While matching the right cleaning chemical to a task is certainly one element of a cleaner’s role, pairing the right product to any given surface adds another dimension of difficulty to the job. With proper understanding and awareness, hygiene professionals can select a product that is both effective in terms of its cleaning and disinfecting properties while also compatible with the surface to be cleaned.
Matching the Product to the Surface: Why it Matters
Not every cleaner or disinfectant is suitable for every surface. There are, however, a couple of main factors that cleaners should be aware of when selecting a product. As Health Facilities Management explains, hygiene professionals should above all seek to ensure that a chemical product is both effective and does not compromise or ruin a surface. To this end, it is imperative that each and every product is utilised according to the manufacturer’s instructions. This is especially important when using a new product and, as the British Institute of Cleaning Science (BICSc) advises, “It is important to liaise with your approved suppliers and seek professional guidance. Training may be required for any new products and operatives should undergo training before using any new product.” Without this, a cleaner risks compromising both a surface and the overall quality of their clean.
Points for Consideration
In addition to receiving training on the correct usage of a particular chemical product, a cleaner should also be aware of the type of surface to be treated. For example, as Cleaning Maintenance & Management (CMM) notes, some uneven or porous surfaces — especially grout and some ceramic tiles as well as wood flooring — can be difficult to clean with abrasive cleaners. In other words, a cleaner should always verify or identify the type of surface before undertaking any further action.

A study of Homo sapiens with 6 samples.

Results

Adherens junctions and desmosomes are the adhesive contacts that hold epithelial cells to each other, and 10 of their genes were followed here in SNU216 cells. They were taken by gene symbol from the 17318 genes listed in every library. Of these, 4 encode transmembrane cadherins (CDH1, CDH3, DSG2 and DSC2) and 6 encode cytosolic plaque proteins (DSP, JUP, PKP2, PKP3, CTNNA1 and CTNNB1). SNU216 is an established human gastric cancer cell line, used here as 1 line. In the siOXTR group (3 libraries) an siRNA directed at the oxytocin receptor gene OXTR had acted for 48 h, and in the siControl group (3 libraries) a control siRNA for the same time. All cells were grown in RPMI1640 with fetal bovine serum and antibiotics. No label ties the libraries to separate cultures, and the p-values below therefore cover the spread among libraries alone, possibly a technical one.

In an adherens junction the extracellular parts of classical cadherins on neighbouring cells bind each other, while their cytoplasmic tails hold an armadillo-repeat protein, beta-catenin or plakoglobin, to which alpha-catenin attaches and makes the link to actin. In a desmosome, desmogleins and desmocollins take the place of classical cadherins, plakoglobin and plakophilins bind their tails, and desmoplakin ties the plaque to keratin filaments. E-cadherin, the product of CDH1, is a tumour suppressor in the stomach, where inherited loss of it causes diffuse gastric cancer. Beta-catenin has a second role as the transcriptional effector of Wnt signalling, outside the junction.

The other thing to consider, as the outlet adds here, is a chemical’s contact time and any surface residue left behind by a product during the cleaning and disinfection process. Obviously, allowing a cleaner or disinfectant to remain on a surface for the correct amount of time will ensure its efficacy. Likewise, failing to adhere to the manufacturer’s suggested contact time could impact the efficiency of a product. Cleaners should also understand that, over time — and especially if not used to their correct dilution ratio or not rinsed away as directed — product residue can become deposited on surfaces. When choosing the right product for their given surfaces, the outlet advises, “One of the issues is that some types of cleaning chemicals are designed to bond with or attract dirt, so their residues continuously compound over and over again.”
Practical Guidance on Appropriate Pairing
For cleaners looking for practical advice on how to match a cleaning product to a specific surface — be it ceramic, porcelain or acrylic flooring, etc. — the American Cleaning Institute offers comprehensive guidance here and here. For example, when tending to ceramic tiling, it advises that cleaners, “Avoid using powdered abrasive cleansers that could scratch the surface.” When caring for resilient flooring, the institute suggests that hygiene specialists look to the manufacturer’s instructions for cleaning advice and, for porcelain, it advises that liquid spills be mopped up immediately to prevent staining. It is especially important to avoid using any kind of abrasive cleaner on soiled porcelain when, as the organisation advises, specialist products should be used. For all hard surface cleaning, the institute urges cleaners, facilities teams and hygiene specialists to follow the advice displayed on the label of a product before use.
Pairing the right product to a given surface isn’t necessarily always easy or straightforward. Yet, by asking the right questions — and, most importantly, by understanding the importance of matching the product or chemical to a surface — a hygiene professional can safeguard both the surface to be cleaned as well as the overall quality of their clean.